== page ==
The crew of the Pequod had to be alert on such a voyage. This was particularly true of the men who each had to man one of the 3 masts. From their lonely fearful posts at the top they had to keep at all time their lookout for whales. They had to be vigilant. Of course that really meant, they were to keep out their lookout for God. They had to be spiritually vigilant. After all, this was a true religious quest. Ishmael admitted he did a poor job of it:
“Let me make a clean breast of it here, and frankly admit that I kept but sorry guard. With the problem of the universe revolving in me, how could I—being completely to myself at such a thought-engendering altitude—how could I but lightly hold my obligations to observe all whale-ships’ standing orders,” Keep your weather eye open, and sing out every time.”
Those at the watch were expected to be keenly aware of approaching whales (or gods) and sing out when spotted. The worst thing for a whaling ship was to have someone on the watch like this:
“any lad with lean brow and hollow eye, given to unseasonable meditativeness…Beware of such an one, I say your whales must be seen before they can be killed; and this sunken-eyed young Platonist will tow you ten wakes round the world, and never make you one pint of sperm the richer.”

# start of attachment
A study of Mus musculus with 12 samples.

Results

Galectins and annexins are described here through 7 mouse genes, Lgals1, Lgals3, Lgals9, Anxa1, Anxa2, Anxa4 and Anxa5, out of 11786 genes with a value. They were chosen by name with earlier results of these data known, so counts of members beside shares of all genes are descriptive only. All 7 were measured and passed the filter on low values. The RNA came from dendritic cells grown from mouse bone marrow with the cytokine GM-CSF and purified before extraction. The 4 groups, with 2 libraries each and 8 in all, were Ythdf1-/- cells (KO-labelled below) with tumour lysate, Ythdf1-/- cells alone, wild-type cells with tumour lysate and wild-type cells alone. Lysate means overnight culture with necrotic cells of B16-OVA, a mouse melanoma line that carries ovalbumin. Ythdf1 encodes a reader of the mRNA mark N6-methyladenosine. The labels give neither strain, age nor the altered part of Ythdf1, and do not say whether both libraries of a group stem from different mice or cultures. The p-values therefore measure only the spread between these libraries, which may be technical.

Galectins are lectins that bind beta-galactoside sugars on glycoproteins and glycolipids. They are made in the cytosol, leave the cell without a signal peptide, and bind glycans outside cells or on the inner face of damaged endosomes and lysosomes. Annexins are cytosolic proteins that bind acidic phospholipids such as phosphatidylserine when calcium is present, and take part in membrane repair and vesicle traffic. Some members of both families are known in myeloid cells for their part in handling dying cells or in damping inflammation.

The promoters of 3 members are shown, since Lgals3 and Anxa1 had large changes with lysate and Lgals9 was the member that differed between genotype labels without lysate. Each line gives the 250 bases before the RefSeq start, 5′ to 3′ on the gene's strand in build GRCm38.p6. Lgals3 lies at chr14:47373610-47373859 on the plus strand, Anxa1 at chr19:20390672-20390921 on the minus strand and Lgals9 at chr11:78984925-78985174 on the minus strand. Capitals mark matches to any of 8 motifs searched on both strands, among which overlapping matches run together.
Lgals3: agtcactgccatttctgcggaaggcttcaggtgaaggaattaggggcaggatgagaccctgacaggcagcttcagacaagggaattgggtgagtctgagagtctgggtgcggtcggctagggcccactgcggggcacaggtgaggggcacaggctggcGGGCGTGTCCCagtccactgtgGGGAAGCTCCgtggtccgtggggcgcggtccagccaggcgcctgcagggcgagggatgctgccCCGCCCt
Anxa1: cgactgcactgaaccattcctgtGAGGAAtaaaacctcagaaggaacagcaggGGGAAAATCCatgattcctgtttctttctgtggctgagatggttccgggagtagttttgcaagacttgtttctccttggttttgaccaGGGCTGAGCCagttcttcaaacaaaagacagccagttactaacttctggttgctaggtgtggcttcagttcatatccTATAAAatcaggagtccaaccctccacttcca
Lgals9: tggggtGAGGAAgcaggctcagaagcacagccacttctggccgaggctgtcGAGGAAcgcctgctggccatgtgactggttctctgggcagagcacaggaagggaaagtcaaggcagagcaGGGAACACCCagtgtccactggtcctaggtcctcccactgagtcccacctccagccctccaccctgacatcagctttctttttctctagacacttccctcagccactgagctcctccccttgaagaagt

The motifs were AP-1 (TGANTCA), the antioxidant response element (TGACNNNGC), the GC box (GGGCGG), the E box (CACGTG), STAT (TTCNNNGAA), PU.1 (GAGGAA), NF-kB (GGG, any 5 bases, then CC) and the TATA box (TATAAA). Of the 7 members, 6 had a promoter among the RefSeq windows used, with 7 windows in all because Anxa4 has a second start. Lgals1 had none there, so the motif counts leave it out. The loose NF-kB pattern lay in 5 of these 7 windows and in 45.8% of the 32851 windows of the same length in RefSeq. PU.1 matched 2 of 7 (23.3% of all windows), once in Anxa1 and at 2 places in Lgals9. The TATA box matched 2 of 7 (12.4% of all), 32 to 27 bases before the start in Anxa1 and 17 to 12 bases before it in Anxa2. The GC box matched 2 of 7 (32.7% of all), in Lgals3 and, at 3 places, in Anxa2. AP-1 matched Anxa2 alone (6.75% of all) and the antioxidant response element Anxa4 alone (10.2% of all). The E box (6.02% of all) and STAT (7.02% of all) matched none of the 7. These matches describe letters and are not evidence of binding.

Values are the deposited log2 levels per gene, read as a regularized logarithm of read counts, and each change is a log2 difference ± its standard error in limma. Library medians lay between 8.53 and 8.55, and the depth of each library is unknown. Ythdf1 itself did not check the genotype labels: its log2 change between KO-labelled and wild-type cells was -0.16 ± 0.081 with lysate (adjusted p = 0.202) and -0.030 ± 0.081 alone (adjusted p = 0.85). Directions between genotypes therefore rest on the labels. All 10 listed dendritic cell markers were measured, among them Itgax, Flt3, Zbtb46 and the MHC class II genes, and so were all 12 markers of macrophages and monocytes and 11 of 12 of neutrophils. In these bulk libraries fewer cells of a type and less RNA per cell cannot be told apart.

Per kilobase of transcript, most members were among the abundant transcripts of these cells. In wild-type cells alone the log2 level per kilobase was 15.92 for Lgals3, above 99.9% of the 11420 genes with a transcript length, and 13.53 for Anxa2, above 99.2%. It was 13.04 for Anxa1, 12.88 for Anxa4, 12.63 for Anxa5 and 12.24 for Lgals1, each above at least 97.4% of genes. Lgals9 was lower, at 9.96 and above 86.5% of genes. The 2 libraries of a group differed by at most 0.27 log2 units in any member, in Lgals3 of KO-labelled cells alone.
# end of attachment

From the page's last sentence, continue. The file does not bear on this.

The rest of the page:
The young Platonists dreaming of metaphysics instead of whales were a dangerous extravagance on a whaling ship:
“…lulled into such an opium-like listlessness of vacant, unconscious reverie is this absent-minded youth by the blending cadence of waves with thoughts, that at last he loses his identity; takes the mystic ocean at his feet for the visible image of that deep, blue, bottomless soul, pervading mankind and nature; and every strange, half-seen, gliding, beautiful thing that eludes him; every dimly-discovered, uprising fin of some indiscernible form, seems to him the embodiment of those elusive thoughts that only people the soul by continually flitting through it. In this enchanted mood, they sprint ebbs away who whence it came; becomes diffused through time and space; like Cranmer’s sprinkled Pantheist ashes, forming at last a part of every shore round the globe over.
The young “sunken-eyed Platonist” has no life left in him “except that rocking life imparted by a gentle rolling ship; by her, borrowed from the sea; by the sea, from the inscrutable tides of God.”
In other words, on a religious quest, philosophers were not needed. They were a hindrance. Darn.